NSA chief details 'real' threats to US networks, infrastructure
- By George Leopold
- Nov 21, 2014
The nation's cyber security chief told Congress this week that emerging threats are costing the U.S. economy hundreds of billions of dollars, eroding national security and posing a genuine threat to its critical infrastructure.
"The cyber challenges were are talking about are not theoretical, they are real," Adm. Michael Rogers, commander of the U.S. Cyber Command and National Security Agency director, told the House Committee on Intelligence Nov. 20. He warned that the failure to respond could lead to "truly catastrophic failures"
Adm. Rogers said a partnership among government, private industry and academia is needed to confront growing cyber-threats that have picked up in intensity from hackers in Russia and China. "We need a legal framework that enables us to rapidly share information, machine to machine, and at machine speed, between the private sector and the government," the NSA director testified.
NSA's role, the cyber chief said, is to "ensure that we are generating insights that aid the public sector as well as government in terms of what's the cyber threat out there, what's coming at us." That includes setting standards and approaches to cyber security.
The U.S. Cyber Command has three primary missions, Adm. Rogers said. Along with defending DOD networks, the Cyber Command is "generating the cyber mission force, the men and women who are going to be addressing the department's cyber needs, from the defensive to the offensive." Lastly, Rogers said he is preparing the emerging DOD cyber force to defend U.S. critical infrastructure.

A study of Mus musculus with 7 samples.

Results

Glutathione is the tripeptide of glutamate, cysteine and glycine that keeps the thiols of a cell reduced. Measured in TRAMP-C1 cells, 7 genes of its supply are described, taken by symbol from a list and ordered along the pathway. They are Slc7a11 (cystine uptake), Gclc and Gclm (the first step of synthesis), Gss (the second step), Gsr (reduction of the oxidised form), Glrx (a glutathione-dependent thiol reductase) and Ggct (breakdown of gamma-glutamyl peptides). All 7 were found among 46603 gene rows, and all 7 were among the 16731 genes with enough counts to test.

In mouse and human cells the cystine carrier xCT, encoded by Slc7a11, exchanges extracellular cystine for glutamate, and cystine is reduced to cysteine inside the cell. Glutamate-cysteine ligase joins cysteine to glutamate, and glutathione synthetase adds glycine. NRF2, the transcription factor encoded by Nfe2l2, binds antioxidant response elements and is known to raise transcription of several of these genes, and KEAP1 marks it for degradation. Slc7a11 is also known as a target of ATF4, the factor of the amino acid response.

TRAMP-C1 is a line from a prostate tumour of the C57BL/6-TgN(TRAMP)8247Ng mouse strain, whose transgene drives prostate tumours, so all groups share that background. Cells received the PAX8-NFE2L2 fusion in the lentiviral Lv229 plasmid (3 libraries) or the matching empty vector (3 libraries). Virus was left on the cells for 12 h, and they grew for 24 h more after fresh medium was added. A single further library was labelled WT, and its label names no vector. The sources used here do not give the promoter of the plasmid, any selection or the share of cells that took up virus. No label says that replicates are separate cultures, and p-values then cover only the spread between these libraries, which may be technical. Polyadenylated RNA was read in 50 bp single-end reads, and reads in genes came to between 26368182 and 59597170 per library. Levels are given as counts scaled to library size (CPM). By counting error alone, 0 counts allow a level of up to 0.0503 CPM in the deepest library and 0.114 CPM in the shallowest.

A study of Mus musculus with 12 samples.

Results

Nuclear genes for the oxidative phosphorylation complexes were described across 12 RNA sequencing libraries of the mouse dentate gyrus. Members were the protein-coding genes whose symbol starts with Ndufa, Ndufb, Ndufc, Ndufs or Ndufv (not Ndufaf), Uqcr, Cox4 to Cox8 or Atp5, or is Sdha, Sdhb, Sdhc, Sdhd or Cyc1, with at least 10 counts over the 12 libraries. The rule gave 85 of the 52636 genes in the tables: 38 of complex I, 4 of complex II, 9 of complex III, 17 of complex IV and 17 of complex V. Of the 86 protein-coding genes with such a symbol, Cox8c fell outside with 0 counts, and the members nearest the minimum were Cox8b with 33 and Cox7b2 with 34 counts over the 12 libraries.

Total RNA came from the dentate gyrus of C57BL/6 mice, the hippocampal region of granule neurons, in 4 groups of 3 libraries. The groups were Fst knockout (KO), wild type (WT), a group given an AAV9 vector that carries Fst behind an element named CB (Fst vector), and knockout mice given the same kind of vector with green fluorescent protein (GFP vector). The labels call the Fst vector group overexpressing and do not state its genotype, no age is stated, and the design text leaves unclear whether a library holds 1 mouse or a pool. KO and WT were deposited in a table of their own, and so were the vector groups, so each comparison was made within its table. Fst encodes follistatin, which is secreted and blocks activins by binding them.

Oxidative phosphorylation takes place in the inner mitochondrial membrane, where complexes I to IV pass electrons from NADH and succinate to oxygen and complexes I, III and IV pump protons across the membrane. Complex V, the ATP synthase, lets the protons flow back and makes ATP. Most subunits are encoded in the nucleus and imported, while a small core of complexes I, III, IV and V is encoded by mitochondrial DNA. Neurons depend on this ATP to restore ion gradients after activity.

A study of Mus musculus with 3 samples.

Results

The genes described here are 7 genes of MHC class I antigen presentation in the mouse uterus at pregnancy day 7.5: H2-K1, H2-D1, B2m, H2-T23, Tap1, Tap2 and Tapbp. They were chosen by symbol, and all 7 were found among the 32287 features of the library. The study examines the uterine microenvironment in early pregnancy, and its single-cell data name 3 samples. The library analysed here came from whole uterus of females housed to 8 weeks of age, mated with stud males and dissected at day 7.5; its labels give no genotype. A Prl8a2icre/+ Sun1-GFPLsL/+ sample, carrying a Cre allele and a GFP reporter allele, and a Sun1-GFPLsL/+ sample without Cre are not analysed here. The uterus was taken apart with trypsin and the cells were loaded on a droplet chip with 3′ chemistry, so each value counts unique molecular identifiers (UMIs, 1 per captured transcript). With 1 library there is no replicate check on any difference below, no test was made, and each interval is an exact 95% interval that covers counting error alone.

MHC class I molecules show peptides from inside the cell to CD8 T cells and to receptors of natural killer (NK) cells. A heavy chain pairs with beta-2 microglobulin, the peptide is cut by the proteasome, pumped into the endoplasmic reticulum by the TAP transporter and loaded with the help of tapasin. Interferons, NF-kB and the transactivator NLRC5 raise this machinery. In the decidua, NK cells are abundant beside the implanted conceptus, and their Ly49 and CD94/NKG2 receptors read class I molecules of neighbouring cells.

DOD's cyber force has been given the responsibility to defend, for example, critical power and other utility, telecommunications and transportation networks—which he said are vulnerable to attacks from China and “one or two other” countries. He said a major attack was likely in the next decade.
The cyber chief estimated that DOD is about halfway toward its goal of organizing a cyber capability to defend U.S. networks.
Rep. Mike Rogers, R-Mich., warned in remarks prior to the NSA director's testimony that China, Russia and others pose a growing cyber threat to U.S. critical infrastructure. "Our critical infrastructure networks are extremely vulnerable to such an attack and we can't count on deterrence if we're already in an adversarial position with a nation like China or Russia."
Rep. Rogers stressed that DOD and NSA "have an obligation to help the private sector by sharing this threat information about potential attacks before they happen." Hence, he called for passage of cyber-threat sharing legislation before the end of the year.